Protecting Your Business’ name – A guide to Trade Marks and Business Names


A business name is the name that an individual or entity trades under.

A company name is the name under which a company is registered with ASIC.

A trade mark is a sign used or intended to be used to distinguish ones’ goods or services from those of another.

These terms are often confused which each other, and there is a common misconception that registration of a business or company name with ASIC is sufficient to protect a brand from competition. Whilst registration will prevent another business or company from registering with the same name, it doesn’t give exclusive rights to the name.

We have outlined the essential differences between a registered business name and a trade mark below.

Business Name

A business name is the name under which an individual or entity (such as a partnership, company, body politic, association, trust or superannuation fund) conducts their business. It identifies who that business is and informs the public about the identity of the business they are dealing with.

The Business Names Registration Act requires individuals and such entities to register their business name with ASIC if they are trading within Australia and are not operating under their own name.

A registered business name or company name will prevent other parties from registering that name with ASIC, however it does not:

  • grant exclusive ownership of the name;
  • preclude other businesses from using the same name without registering their business;
  • preclude other businesses from registering a name that is deceptively similar, or using a similar business name; or
  • stop anybody from attempting to register a trade mark for the same name.

Before you register a business name or company name with ASIC, you should check IP Australia’s trade marks register and ensure it does not infringe an existing registered trade mark.

Trade Marks

Individuals and entities wanting to obtain exclusivity over their business name should therefore register it as a trade mark. A trade mark is an intellectual property right that gives exclusive right to the use of the trade mark, which can take the form of a name, a logo, a slogan or motto, or other unique aspects of a business.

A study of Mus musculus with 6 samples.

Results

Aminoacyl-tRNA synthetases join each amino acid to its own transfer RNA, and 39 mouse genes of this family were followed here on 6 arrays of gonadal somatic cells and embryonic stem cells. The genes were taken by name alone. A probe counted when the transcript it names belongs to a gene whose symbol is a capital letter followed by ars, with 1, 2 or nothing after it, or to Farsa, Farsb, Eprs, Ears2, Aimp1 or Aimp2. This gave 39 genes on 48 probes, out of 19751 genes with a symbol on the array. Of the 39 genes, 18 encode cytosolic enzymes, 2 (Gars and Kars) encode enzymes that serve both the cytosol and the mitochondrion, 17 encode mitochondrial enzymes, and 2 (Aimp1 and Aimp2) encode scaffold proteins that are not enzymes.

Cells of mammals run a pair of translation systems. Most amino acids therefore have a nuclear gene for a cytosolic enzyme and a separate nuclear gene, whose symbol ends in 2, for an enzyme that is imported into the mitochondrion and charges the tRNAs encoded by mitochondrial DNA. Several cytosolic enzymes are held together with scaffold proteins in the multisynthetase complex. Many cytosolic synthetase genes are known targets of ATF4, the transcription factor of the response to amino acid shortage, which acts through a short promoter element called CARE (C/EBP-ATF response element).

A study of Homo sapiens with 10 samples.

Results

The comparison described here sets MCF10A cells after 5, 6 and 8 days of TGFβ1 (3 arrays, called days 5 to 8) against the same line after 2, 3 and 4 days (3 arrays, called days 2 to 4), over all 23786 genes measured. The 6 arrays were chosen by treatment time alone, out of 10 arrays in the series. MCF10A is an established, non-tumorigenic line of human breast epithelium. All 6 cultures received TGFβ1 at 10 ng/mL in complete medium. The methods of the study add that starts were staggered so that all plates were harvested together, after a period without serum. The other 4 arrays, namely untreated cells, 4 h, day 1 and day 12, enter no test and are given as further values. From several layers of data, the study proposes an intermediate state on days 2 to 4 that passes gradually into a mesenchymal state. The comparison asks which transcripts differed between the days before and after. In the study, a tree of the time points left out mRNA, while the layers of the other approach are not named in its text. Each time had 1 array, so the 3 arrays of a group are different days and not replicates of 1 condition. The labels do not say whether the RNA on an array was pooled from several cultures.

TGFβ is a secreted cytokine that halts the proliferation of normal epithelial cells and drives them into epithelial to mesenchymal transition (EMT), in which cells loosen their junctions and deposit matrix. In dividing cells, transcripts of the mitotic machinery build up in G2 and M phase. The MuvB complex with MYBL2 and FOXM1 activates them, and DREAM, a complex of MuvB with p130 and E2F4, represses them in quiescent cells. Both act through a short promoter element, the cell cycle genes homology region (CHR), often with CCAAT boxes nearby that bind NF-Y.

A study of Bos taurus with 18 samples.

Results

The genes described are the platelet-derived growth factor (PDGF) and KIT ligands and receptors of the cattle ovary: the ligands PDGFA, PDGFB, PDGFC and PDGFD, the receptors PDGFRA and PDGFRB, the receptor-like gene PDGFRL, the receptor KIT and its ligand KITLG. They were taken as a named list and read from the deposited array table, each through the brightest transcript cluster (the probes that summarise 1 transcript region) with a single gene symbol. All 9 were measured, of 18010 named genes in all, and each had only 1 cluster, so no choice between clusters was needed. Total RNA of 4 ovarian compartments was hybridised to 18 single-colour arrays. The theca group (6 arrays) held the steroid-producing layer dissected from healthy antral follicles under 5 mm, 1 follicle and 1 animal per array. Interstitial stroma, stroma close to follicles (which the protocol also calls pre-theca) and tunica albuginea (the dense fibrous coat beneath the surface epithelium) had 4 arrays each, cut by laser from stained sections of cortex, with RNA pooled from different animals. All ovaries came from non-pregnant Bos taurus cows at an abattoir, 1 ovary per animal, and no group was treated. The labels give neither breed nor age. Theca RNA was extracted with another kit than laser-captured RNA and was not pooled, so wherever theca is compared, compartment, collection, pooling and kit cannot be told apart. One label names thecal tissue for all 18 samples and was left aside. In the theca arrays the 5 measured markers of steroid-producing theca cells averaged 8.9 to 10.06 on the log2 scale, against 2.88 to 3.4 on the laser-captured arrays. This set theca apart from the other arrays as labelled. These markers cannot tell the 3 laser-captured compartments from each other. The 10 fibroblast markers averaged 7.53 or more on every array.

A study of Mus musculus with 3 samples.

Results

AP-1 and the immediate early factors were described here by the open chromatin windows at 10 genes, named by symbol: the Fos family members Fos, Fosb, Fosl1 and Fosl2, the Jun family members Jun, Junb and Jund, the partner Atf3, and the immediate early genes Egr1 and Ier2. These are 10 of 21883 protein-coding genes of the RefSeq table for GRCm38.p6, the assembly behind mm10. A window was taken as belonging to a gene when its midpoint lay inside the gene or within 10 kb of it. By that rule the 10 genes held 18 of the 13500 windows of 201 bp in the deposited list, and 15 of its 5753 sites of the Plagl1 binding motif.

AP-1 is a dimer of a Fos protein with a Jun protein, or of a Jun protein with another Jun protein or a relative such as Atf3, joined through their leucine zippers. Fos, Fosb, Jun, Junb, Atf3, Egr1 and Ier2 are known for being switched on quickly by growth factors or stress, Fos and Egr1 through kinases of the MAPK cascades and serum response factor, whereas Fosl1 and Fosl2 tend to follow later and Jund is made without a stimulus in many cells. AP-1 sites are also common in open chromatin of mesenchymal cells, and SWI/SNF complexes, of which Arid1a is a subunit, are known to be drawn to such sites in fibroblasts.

Registration of a trade mark will prevent other businesses from being able to pass off your trade mark, or from using a trade mark that is deceptively similar. The owner of a registered trade mark will have access to legal remedies to enforce these rights, such as an injunction, in instances where their trade mark is being infringed. Note though that trade marks apply to specific classes of goods and services, another business offering different products or services may still be able to register the same trade mark in their respective industry provided there is no potential for confusion between the products or brands.

Registration involves applying to IP Australia detailing the type of trade mark being applied for, the class of goods and services being registered and whether there are other similar trade marks in existence. If successful, the trade mark will become protected in all Australian states and territories for an initial period of 10 years and can be renewed for further periods of 10 years upon payment of a fee. Once registered the trade mark must be actively used, as any registered trade mark can be removed on the basis of non-use if not actively used for a period of 3 years.


While registering a business name with ASIC is a legal requirement for conducting a business’ operations, a trade mark provides the strongest legal protection against competitors using your name.